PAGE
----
Monday, December 20, 2010

BUY BONDS! - Liberty In Chains - McLennan Court Faces Decision On Sweetheart Deal Tomorrow

Conversation with an outlaw cop shines revealing light on jail deal...

“The Indenture.” - The County is required under the Lease to pay to the Trustee Rental Payments which are sufficient, in both time and amount, to pay, when due, the principal of, premium, if any, and interest on the Series 2009 Bonds. The County’s obligation to pay the Rental Payments and other additional amounts required pursuant to the Lease, including Operation and Maintenance Costs, is payable solely from the County Project Revenues and other available money appropriated annually for such purpose by the Commissioners Court of the County for such purpose. If the County fails to appropriate available money which, together with County Project Revenues, is sufficient for the payment of all such amounts in any fiscal year of the County, the Lease will terminate and the Issuer may take possession of the Project. - Revenue bond agreement for Jack Harwell Detention Center - $49.9 million in “AA” bonds sold tax-free to investors wealthy enough to afford to buy them in $5,000 increments

Waco – Ken Witt is an outlaw. A peace and corrections officer for the past 25 years, he got his first “real” job as a cop setting up the police department at Carl's Corner.

“I worked for minimum wage,” he remembers, speaking in a rueful tone.

He rode herd on Willie's Fourth of July Picnic one year, arresting about 80 drunks whom he placed in a temporary jail to cool them off before releasing them to go back to the party.

Today, he is the President of the McLennan County Sheriff's Officers Association, an interest group that is battling privatization of law enforcement and pushing for civil service status for the men and women who wear the badge of the County Sheriff's Department. In some ways, he feels as if he and his brother and sister officers have been placed outside the protection of the law - outlawed, so to speak.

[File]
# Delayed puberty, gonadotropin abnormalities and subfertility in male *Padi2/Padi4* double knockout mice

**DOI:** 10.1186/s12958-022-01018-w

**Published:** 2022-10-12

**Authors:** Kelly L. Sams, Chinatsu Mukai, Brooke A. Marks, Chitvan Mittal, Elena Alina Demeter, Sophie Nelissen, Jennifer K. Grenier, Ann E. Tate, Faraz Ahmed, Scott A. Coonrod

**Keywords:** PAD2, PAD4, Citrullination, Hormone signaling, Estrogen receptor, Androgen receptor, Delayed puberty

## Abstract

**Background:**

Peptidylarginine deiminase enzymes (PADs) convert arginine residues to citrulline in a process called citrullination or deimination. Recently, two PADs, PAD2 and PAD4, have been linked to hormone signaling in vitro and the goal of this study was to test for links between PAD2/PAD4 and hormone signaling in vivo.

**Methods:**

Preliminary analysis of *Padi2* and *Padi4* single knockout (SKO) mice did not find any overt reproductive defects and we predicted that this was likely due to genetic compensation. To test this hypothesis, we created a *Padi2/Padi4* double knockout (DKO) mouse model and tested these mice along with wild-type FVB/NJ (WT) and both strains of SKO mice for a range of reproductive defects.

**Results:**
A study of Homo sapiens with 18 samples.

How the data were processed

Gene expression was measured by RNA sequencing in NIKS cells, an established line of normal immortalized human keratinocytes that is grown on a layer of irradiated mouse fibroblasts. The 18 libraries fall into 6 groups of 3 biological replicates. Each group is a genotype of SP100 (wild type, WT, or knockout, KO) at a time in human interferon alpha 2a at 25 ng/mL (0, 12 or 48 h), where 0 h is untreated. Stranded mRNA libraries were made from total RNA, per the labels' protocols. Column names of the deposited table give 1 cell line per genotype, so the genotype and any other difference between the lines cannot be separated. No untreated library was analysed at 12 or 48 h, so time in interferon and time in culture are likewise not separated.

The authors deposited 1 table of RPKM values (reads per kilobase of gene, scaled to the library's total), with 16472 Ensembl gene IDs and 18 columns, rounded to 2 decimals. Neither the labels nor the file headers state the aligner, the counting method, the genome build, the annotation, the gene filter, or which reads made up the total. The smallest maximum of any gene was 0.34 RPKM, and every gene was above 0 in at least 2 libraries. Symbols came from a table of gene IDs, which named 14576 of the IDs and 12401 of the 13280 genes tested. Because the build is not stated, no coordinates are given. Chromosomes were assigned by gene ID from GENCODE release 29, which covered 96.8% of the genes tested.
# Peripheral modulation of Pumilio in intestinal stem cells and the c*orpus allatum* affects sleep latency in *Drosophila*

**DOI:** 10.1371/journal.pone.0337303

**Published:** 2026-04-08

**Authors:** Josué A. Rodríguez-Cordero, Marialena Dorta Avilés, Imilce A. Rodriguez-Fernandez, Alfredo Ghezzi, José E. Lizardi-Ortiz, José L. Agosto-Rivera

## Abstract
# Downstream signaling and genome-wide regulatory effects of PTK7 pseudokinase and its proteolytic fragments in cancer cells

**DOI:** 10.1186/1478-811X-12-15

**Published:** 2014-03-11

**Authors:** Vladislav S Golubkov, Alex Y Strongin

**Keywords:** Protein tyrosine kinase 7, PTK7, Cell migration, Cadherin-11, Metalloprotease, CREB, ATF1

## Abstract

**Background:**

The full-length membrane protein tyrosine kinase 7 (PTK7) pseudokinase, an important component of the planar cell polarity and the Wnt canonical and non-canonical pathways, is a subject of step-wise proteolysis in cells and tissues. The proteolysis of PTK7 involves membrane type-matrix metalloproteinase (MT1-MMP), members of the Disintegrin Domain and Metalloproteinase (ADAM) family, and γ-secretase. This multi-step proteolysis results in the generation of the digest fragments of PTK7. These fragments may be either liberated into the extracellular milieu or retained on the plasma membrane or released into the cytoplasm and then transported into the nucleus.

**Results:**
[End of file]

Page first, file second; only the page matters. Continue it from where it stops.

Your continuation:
Deputy Witt is frustrated – outraged, to say the least – by a system he sees as spinning madly out of control by building a $50 million jail originally planned as a 1,000-bed facility and later trimmed to its 816-man capacity, something that he sees as simply unnecessary.

The Texas Commission on Jail Standards, he points out, former county sheriff Adan Muñoz commanding, estimated originally that with the normally expected rise in population, local jail capacity would expand at the rate of about 30 to 50 prisoners per year in terms of jail capacity per year, amounting to a need for one additional wing to be added onto the existing County Jail on Highway 6 – 300 beds.

Somewhere, things went out of whack, he says; the train went off the tracks, to say the least.

In fact, he speaks in terms of extreme prejudice when he talks about the Jack Harwell Detention Center that has been built to be operated by CEC (Civigenics), Inc., a private New Jersey-based corporation.

“I need to prove this is a crime,” he states bluntly, gesturing to a bedroom in his apartment that is crammed with file cabinets, briefcases and stacks of documents piled almost waist high, paperwork that relates the history of the development of a sweetheart deal that he says has gone out of control.

“This is a white collar crime.”

The net net of the deal?

Deputy Sheriff's officers find themselves working short-staffed in 12-hour shifts these days. Employees of the private corporation work for half their wages and the economics of the deal are depressing in other ways, as well.

What about the effect on law and order?

“You know every time they bring someone in that back door, those clerks research them to see if they're eligible for a PR (personal recognizance) bond.”

The jail is a revolving door in which the same alleged offenders are apprehended, then released time and again for multiple offenses – always for zero dollars in bond fees, he says.

“Is that my job?” He grimaces. “When I became a cop, you were one of the good guys.” He shrugs, crosses his arms, frowns.

Deputy Witt's prediction going into Tuesday's make or break decision on whether to extend the moratorium on CEC's payments for use of the now-defunct and empty 326-bed downtown County Annex Jail at the courthouse?

The Commissioners Court will either extend the sweetheart deal, or they will resume asking Civigenics to make their payments of an estimated $30,000 to $40,000 per month. Either way, the private corporation can bail out – as they have in other locations such as the Johnson County Law Enforcement Center at Cleburne and a private penitentiary developed by an economic development corporation at Harding, Montana – among others.

“There is a difference between white collar crime and other crime...The citizens are the victims, but they don't feel like they're the victims.”

The end result is this. After 25 years of paying the sinking fund debt service - this year's payments amount to $3.7 million - McLennan County will have the opportunity to make a final payment of more than $7 million to make the final purchase on a 25-year-old building.

From an audio clip made at a recent Commissioners Court meeting.

County Commissioner Joe Mashek to Auditor Steve Moore:

"How much have we received from Harris County?"

Mr. Moore:

"They owe use $324,000"

Mr. Mashek:

"How much have we received?"

Mr. Moore:


County Judge Jim Lewis:

"I'll make a call."

Conversation ends.

Judge Lewis is the former County Jail Administrator.